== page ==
Many of the first chapters I see have inconsistent characters. A young woman who nearly has a panic attack walking down the stairs with her sleazy fiancé pulls a knife on him not two pages later? A clear example of the needs of the plot driving the character’s actions. This never works.
Characters must react in a similar, predictable pattern
Think about the people in your life. Who would you call when you need a cheerleader? Who would you call when you need a reality check? A shoulder to cry on? While people respond to situations differently, the same person will usually behave in a predictable pattern. A believable character must do the same.
Plan you characters to make them feel real
There are as many ways to plan characters as there are writers: character dossiers, POV essay, character trait sliding scales. I’ve seen an article using the Myers-Briggs personality test. You could even use a which Disney Princess are you chart. It doesn’t matter as long as it works for you.
What you must have is a set of characteristics and a clear motivation.
What does my character want?
What is he/she willing to do to get it?
What personality faults are standing in his/her way?
What about discovery writers?
As a fellow panster, I often find my character’s personality seems to shift according to my mood. Some tips:
Have a character sheet handy as you draft. Fill in personality traits as you discover them. The simple act of writing them down will help you remember the next time.
Complete your first draft. Then, go back and fill in your character sheets. Keep this sheet handy for your first edit and reference it often.
My process is messy, but it works for me.
After I complete the draft, I do the first edit from back to front. You read that right. I edit my novels from the final scene and work my way back to the beginning. Why? Editing backwards forces me to consider one scene at a time. I also separate the POV’s, treating each as a separate story. This allows me to focus on one character arc and make sure the chain of causation for that character arc remains unbroken. (It also helps make the voice in the prose distinct.)
What does that mean?
A character arc is nothing more than the character’s journey of discovering and overcoming the personality faults that are preventing him/her from reaching their happiness goal. Every journey must have a logical progression. In other words, if you want a character to have panic attacks at the beginning of her story, and by the end you need her to be a confident fighter, you must show that change in personality through a logical progression of events.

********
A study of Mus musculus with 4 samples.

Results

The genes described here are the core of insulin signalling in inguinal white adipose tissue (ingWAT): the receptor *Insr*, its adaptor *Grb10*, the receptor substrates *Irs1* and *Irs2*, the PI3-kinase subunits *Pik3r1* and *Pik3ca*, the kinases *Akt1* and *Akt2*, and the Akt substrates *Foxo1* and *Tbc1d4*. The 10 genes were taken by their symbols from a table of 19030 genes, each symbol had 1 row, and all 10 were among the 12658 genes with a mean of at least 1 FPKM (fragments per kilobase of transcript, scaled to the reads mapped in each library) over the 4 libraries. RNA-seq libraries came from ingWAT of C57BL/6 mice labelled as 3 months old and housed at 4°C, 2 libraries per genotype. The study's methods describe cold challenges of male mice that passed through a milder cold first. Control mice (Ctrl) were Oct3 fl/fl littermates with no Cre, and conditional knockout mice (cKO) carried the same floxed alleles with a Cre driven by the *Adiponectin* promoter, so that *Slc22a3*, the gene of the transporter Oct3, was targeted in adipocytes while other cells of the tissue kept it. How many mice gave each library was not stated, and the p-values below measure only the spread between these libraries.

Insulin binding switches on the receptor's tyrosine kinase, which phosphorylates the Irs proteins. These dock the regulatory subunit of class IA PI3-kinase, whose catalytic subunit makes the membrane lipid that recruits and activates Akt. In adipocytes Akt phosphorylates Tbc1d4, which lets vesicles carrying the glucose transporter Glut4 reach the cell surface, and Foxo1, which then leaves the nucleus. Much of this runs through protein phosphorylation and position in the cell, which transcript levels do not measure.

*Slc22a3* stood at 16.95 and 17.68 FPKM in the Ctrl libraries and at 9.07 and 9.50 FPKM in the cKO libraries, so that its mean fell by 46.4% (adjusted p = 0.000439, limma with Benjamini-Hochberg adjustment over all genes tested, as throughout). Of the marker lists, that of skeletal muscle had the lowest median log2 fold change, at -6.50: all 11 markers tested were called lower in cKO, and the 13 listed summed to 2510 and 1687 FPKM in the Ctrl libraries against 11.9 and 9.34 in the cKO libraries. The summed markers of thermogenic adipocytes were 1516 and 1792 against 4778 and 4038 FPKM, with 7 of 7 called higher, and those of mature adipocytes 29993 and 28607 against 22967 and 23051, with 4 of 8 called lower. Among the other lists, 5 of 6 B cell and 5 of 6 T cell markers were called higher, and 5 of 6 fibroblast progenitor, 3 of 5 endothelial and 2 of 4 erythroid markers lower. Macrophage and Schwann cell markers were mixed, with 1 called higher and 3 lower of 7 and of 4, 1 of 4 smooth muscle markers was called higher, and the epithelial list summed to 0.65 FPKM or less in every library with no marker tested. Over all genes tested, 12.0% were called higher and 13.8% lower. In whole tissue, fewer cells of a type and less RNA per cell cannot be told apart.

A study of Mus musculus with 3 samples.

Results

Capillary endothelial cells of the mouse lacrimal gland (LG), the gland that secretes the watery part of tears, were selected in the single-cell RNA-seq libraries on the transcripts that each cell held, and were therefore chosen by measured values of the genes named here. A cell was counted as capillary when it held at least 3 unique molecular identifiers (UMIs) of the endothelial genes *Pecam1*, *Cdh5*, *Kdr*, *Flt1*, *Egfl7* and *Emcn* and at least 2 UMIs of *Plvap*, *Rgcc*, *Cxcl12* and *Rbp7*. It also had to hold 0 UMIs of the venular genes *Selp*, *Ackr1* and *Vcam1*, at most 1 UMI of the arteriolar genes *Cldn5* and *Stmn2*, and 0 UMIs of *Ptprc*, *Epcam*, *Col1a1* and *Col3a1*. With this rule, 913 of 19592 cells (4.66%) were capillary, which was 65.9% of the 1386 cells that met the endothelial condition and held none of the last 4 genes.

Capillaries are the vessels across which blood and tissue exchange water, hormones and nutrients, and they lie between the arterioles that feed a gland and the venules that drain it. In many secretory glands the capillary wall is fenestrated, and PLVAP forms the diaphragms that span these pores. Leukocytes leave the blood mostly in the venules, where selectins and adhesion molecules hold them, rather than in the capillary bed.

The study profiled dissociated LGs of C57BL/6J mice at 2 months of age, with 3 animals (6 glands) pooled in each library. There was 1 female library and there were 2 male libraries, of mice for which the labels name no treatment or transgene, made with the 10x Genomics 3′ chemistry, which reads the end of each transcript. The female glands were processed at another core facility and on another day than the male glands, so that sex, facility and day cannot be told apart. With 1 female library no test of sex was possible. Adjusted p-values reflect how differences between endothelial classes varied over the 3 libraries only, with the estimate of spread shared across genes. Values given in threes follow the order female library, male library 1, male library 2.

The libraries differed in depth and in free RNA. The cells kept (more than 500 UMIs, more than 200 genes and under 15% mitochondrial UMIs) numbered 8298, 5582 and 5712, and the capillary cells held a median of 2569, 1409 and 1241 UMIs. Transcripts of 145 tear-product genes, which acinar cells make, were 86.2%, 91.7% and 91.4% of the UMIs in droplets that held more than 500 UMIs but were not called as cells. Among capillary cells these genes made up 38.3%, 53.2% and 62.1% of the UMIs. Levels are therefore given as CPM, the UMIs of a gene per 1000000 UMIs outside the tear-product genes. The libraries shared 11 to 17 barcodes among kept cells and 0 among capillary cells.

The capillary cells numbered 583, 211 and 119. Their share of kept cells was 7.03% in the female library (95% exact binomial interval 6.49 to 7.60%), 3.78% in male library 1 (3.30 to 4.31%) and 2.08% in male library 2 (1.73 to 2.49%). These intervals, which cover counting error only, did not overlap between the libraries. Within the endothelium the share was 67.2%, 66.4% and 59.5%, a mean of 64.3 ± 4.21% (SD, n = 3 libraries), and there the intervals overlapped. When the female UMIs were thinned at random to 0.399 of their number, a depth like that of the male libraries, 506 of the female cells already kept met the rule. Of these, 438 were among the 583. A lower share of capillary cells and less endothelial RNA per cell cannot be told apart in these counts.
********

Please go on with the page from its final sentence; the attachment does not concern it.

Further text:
In the movie Inside Out, Joy learns through a process of interactions with the other characters that Sadness is a critical component of mental health. At the beginning of the story, Joy believes that letting Reily feel sadness is harming her, but by the end, she is fighting for Sadness to return. Joy’s outlook has completely changed, but we believe this change because we see the individual events that shape Joy’s worldview.
A dynamic character arc must have a clear chain of causation.
For a reader to believe the changes in your character’s personality, you must show the reader what prompts that character’s change.
Define your character arc
Who is my character now?
Who does my character need to be?
What events will prompt that change?
Do I need a character arc?
Depends on what you are writing.
Sherlock Holmes, Iron Man, Hermione Granger, and other “Superman” type characters don’t have much change in their character arcs. So, if you are writing this type of action story, you will need a clearly defined set of personality traits, rather than a dynamic arc.
But if you are writing a second chance at love romance where the MC has to learn to trust again, the character arc is the entire story.
What to do now
If you have already written your draft, check your character’s reactions throughout
Do they still match?
Are changes prompted by meaningful events or plot convenience?
Does my character have/need a dynamic arc?
If you are in the planning stages
Try a few different methods of character building.
See which appeals to you.
Planning your characters will make them feel more real to your readers. By having consistent traits and/or well-defined arcs, your characters will be more believable, more relatable, and more memorable. Readers will connect with them and ultimately love them as much as you do.